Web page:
Facing racial disparities in criminal justice
Criminal justice experts say the removal of cash bail in Illinois could be an indicator for how other states move forward with systemic reform.
Why it matters: Though the Pretrial Fairness Act signed by Gov. JB Pritzker is seen as a step toward ending racial disparities, the problem remains with who gets picked and ultimately held in jail, Yannick Wood, director of the Criminal Justice Reform Program at New Jersey Institute for Social Justice, tells Axios.
- "If we can fix on the front end who is being detained, then we could necessarily impact the amount of people who are being incarcerated at the back end," Wood said. "That’s really necessary when trying to target mass incarceration in New Jersey, in Illinois and any state in this country.”
- Illinois is among 12 states where more than half the prison population is Black.
What's happening: The reform bill follows similar efforts in other states:
- New York and New Jersey have worked to reform their court systems in recent years.
- Defendants in California still must bear the costs of ankle monitors or other impositions to ensure they make court dates, after a state bill was voted down this year.
- The Policing Alternatives and Diversion Initiative (PAD) in Atlanta launched in 2016 to provide alternatives to arrest people in relation to mental illness, poverty or other issues.
Driving the news: With midterm elections about a month away, disinformation about the Illinois bill has come out in force, be it newspapers, television and even law enforcement challenging the bill in court to determine if it can be implemented.
- Conservative groups have said the bill will make it impossible to jail people for so-called "non detainable" offenses.
- Groups including the League of Women Voters' of Illinois have published resources to help clarify what is fact and fiction.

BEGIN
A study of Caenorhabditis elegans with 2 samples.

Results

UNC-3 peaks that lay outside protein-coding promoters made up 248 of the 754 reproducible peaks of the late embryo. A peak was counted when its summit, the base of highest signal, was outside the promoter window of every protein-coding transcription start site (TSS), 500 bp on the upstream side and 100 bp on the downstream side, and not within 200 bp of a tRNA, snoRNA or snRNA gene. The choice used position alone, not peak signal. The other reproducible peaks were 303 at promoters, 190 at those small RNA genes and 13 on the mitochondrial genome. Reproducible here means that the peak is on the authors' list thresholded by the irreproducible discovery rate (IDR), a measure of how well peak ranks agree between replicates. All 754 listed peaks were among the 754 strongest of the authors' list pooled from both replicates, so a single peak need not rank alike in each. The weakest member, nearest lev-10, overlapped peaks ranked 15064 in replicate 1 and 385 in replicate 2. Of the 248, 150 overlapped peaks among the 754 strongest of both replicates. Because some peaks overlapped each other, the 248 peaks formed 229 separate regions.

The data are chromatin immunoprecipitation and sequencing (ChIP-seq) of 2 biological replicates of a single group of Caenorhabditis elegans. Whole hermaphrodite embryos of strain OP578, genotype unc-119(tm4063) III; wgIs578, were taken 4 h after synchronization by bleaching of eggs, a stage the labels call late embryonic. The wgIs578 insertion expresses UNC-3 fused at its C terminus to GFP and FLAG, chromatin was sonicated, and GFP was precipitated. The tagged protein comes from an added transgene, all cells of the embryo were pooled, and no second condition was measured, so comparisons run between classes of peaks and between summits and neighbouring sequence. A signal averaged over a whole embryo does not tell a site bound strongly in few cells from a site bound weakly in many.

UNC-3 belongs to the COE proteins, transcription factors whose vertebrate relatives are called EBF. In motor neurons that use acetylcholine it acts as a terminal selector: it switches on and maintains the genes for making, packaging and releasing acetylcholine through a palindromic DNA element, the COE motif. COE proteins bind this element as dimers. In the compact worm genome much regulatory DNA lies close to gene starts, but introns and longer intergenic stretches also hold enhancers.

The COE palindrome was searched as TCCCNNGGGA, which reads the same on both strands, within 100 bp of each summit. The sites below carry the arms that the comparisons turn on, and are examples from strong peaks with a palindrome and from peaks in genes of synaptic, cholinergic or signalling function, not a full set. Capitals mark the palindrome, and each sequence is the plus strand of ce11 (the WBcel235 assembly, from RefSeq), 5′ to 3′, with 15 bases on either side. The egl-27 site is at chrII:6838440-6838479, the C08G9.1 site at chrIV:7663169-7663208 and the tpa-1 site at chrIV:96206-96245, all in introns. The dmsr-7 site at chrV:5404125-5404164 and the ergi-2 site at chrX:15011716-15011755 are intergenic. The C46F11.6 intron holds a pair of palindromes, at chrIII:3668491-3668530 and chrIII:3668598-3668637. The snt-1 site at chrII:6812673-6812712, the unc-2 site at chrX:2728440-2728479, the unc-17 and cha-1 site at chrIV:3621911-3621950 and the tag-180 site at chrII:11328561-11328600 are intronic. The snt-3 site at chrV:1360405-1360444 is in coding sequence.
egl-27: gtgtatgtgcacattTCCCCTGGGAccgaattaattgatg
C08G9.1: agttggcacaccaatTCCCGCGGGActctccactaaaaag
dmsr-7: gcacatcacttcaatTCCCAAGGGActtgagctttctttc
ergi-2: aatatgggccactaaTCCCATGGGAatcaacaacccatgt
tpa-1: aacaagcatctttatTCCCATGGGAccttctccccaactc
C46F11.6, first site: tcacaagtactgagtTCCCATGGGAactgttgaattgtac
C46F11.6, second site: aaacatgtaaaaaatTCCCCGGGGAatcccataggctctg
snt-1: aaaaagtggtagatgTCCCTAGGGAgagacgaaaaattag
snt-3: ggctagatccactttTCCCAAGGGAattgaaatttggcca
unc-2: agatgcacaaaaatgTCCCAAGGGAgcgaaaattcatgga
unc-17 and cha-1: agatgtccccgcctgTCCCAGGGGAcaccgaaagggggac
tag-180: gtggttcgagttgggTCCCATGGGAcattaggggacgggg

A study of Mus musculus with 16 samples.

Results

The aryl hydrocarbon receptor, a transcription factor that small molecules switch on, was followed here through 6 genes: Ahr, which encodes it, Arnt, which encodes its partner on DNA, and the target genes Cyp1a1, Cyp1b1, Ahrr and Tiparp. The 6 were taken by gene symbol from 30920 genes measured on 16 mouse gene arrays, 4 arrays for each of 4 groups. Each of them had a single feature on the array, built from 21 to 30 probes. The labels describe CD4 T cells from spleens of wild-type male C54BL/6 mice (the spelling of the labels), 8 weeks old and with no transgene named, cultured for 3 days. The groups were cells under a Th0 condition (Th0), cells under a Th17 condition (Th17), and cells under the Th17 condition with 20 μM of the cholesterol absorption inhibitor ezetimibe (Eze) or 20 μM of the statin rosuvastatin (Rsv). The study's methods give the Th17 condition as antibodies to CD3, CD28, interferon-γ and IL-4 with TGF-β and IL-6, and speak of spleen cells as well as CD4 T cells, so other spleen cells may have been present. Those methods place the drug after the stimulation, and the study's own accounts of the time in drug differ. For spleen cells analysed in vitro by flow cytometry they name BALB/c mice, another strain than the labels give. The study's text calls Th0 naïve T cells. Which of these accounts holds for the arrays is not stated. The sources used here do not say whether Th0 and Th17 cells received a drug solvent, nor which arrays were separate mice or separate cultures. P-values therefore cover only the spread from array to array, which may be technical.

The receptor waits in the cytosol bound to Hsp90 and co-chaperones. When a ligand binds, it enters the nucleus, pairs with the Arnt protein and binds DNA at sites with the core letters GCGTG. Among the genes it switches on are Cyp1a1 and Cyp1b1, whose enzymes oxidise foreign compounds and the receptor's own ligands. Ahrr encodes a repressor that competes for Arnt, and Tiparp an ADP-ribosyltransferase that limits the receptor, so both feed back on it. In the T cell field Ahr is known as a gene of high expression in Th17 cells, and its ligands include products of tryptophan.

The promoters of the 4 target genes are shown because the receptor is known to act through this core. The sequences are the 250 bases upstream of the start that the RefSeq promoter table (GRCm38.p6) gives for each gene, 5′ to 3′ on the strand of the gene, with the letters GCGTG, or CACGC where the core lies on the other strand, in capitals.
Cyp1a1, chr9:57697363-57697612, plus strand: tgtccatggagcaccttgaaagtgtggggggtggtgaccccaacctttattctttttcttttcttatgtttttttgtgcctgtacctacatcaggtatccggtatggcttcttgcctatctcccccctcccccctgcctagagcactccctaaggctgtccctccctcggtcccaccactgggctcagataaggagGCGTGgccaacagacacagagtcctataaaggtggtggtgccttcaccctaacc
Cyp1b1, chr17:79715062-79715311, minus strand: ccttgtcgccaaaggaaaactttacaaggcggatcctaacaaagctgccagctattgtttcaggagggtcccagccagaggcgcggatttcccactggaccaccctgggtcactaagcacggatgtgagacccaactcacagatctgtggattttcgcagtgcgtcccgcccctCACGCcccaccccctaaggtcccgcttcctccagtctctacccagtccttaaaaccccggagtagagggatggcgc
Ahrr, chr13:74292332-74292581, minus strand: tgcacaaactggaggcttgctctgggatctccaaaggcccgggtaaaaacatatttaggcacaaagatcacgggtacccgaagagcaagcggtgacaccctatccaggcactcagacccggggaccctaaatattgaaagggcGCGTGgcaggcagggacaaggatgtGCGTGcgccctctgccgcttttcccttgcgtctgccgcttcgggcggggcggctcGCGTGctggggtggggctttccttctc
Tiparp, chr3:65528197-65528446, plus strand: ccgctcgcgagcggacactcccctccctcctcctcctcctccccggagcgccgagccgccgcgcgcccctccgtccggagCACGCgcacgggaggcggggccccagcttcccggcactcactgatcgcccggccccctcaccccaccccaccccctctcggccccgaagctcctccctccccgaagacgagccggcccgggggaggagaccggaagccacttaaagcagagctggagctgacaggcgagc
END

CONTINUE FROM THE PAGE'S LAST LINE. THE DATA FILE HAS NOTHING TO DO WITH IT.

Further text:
Yes, but: Insha Rahman, vice president of advocacy and partnerships at the Vera Institute of Justice, tells Axios that reform efforts will not end the fact that Black people represent the majority of people incarcerated.
- "Bail reform in itself and having fewer people behind bars isn't necessarily going to get at the gross race disparity that we see in the system," Rahman says. "We need a separate set of interventions that really focus on race to make sure that we're doing the racial justice aspect of what we intend to do with these reforms."
What they're saying: The Prison Policy Initiative, a nonprofit criminal justice think tank, reported in March 2020 that people of color, in particular Black Americans, make up 40% of the country's jail and prison populations as they face a higher rate of poverty.
- Rachel Barkow, an NYU professor who specializes in criminal law, tells Axios that disparity in the court system stems from a plea deal the prosecution offers prior to a sentencing, all of which goes, without explanation, by someone’s criminal record or the charges they face.
- "It's just an inexplicable fact other than the difference is noteworthy that you can see when you study these things is race," Barkow said. "Every measure that you might think to look at, you're going to unfortunately find those racial disparities."
Flashback: The Pre-Trial Fairness Act was created to address criminal justice reforms in the state, including mandating police wear body cams by 2025, NPR reported.
- The bill was sponsored by Rep. Justin Slaughter and other Black members of the Illinois General Assembly.
What’s next: Criminal justice reform will be a point of discussion during the 2024 presidential elections, because there are opposing views — law and order versus building levels of equity — Lorenzo Boyd, a professor of community policing at the University of New Haven, tells Axios.
- "If people were to look at social justice, it's fully in line with trying to keep people safe," Boyd said. "When people look at bail reform as a racial issue, I think that they miss the point. Bail reform points to a poverty issue, and again it's that level of poverty people don't really want to talk about."